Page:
By  Murray Weiss and Ewa Kern-Jedrychowska | December 10, 2015 8:11pm 

 The home on 69th Road was torched Dec. 5, police said. The suspected arsonist had first tried to burn down the home in November but the fire department got to the home before it spread.
The home on 69th Road was torched Dec. 5, police said. The suspected arsonist had first tried to burn down the home in November but the fire department got to the home before it spread.

QUEENS — The investigation into seven blazes linked to a fire-starting "ninja" in vacant homes in a largely Buhkarian Jewish neighborhood in Forest Hills is being called "high-priority" by FDNY officials, one of whom said Wednesday he hasn't seen an arson pattern of this magnitude in New York City since the 1970s.

Investigators are using ATF bomb-sniffing and accelerant detection dogs to hunt for clues in the rubble of some of the seven sites, including one location that was set on fire twice — an act detectives suspect was meant as much as an investigative taunt as it was to finish the original job.

"That’s not a normal procedure but this a high-priority case," Supervising Fire Marshal Randy Wilson said at a Community Board 6 meeting Wednesday night.

New Video Shows Fire Ninja Possibly Carrying Gun, Police Say

But he also said that while the trend in the 1970s, when a number of homes were torched for insurance claims, was very "pervasive," the pattern in Forest Hills is limited to a very specific small area. 

"He is very bold," FDNY Assistant Chief Edward Baggott said about the suspect, who was seen carrying what appeared to be a gun in one surveillance video.

The second fire on Sunday in a vacant building at 112-35 69th Rd. came after the firebug left an encrypted riddle that led detectives to a man determined to have nothing to do with the blazes.

The building was first set on fire Nov. 15, but the FDNY had put out the blaze before it was able to do serious damage to the structure. The home was destroyed after it was reignited just after midnight on Sunday, Dec. 6., officials said.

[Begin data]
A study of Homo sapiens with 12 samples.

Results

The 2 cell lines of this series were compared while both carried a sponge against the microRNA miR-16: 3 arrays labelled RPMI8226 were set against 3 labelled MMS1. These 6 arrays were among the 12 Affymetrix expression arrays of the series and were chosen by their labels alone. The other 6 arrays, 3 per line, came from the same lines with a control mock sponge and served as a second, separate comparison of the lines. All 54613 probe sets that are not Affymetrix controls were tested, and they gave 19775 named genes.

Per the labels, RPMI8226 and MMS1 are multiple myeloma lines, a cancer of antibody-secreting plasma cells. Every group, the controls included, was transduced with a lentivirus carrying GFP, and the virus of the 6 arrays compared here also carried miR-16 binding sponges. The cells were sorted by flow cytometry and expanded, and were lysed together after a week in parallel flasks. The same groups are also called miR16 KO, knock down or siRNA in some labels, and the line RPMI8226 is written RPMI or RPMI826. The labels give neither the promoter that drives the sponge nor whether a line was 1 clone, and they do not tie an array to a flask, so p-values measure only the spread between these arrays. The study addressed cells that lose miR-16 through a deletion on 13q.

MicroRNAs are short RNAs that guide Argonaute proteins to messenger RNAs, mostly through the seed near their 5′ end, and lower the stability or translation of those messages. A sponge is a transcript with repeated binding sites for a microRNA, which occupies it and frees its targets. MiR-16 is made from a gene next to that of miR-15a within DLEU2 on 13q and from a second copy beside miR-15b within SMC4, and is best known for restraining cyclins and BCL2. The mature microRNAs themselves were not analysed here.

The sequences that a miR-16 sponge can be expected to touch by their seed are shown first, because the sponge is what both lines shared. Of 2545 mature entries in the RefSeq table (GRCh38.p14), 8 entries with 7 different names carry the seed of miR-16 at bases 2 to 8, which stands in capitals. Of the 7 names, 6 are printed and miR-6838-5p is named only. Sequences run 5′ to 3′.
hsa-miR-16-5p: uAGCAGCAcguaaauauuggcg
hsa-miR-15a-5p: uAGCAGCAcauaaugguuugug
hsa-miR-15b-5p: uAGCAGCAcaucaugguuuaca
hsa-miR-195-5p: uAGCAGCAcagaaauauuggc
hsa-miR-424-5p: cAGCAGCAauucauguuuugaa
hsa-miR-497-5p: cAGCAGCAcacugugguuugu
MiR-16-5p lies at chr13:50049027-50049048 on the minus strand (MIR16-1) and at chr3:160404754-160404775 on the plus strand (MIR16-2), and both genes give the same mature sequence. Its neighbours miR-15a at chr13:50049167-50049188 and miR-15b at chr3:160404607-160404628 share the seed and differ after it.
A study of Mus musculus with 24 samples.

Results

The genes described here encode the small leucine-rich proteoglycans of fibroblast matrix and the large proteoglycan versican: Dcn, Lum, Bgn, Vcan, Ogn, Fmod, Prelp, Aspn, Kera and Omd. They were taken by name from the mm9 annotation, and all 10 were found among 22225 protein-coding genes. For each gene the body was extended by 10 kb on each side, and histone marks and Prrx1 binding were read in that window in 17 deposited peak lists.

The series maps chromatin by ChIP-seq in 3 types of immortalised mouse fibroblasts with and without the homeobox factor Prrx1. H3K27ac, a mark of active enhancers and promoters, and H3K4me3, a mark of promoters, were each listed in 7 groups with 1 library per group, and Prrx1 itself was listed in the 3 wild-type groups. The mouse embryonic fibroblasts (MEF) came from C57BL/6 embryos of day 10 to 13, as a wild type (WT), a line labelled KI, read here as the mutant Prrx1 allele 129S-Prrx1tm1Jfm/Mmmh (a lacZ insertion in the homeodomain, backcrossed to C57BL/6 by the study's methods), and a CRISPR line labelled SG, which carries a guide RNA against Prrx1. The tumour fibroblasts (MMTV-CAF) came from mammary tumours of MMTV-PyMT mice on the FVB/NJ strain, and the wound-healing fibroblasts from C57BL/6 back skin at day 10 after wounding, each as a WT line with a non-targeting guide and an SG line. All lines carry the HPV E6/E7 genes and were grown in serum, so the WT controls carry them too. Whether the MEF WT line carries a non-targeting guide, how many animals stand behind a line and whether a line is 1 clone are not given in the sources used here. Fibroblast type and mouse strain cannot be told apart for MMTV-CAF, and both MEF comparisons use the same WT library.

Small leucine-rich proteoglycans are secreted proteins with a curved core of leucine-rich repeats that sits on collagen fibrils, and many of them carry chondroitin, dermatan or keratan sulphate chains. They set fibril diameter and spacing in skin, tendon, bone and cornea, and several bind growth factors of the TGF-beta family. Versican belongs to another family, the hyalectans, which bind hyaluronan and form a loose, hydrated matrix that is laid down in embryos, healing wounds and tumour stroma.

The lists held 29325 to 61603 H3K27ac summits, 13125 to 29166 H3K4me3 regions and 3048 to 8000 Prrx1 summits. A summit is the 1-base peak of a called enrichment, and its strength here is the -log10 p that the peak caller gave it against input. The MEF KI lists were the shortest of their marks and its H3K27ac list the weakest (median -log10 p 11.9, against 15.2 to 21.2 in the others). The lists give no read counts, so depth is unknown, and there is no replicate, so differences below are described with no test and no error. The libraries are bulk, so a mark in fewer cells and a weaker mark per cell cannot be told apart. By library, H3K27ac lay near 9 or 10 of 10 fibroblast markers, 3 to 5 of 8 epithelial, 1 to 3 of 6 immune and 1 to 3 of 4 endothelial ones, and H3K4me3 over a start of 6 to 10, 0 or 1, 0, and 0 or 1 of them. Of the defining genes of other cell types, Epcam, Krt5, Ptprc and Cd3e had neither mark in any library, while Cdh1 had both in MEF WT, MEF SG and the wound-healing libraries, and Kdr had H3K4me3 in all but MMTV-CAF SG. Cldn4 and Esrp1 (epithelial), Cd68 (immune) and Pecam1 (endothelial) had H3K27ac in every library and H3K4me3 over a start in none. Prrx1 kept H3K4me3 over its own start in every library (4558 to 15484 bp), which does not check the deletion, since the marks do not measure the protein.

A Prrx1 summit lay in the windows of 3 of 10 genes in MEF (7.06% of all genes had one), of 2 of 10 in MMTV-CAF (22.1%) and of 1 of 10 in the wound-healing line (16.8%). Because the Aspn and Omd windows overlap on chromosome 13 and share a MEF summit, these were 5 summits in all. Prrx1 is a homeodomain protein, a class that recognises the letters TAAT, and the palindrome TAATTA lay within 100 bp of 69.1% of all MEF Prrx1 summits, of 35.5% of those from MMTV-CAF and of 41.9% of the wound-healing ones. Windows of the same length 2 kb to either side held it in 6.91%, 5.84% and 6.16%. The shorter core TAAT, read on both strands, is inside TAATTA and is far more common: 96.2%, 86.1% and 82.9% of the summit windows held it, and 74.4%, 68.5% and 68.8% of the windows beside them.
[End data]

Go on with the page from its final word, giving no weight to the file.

Police and fire officials have publicly said they believe the arsonist set the fire to finish the job, but investigators believe that the suspect returned to the scene knowing that they would not be looking for him there and that the blaze was more likely meant to provoke them and accentuate the fact that they couldn't catch him even though the NYPD has increased patrols in the area, law enforcement sources said.

Last month the suspect left a message with a riddle near a home at 108-47 67th Drive that erupted in flames shortly after 11 p.m. on Nov. 25, police said. Investigators, including a sudoku-loving detective, cracked the note, which read: “Decode this message to find out the person who caused the fire.” It also included several sets of letters and numbers. The riddle revealed the name of a Forest Hills resident whom detectives determined was not the arsonist.

Meanwhile, investigators have been combing the area in search of clues, hoping to identify the ninja and collecting evidence allowing them to charge the suspect once he is arrested. 

Police have released several surveillance videos that they believe show the suspect near the sites where the fires erupted.

One surveillance footage, which has not been released, shows him wearing all black and "looking like a ninja," sources said.

Police officials also said that additional cameras are being installed in the area.

The pattern, which currently consists of seven incidents, started with a blaze at the former Parkway Hospital on Oct. 20, officials said. Five of the fires targeted homes that are vacant or under construction and are owned by Bukharian Jews living in the Cord Mayer section of the neighborhood, between Jewel and 65th avenues and between Queens Boulevard and the Grand Central Parkway. 

Police described the suspect as being in his 20s or 30s, between 5-foot-6 and 5-foot-7, with a slim build. 

The Bukharian community is offering a $50,000 reward for information leading to the arrest of the arsonist, in addition to $12,500 already offered by Crime Stoppers.

Anyone with information is asked to call Crime Stoppers at 1-800-577-TIPS (8477).  All calls are strictly confidential.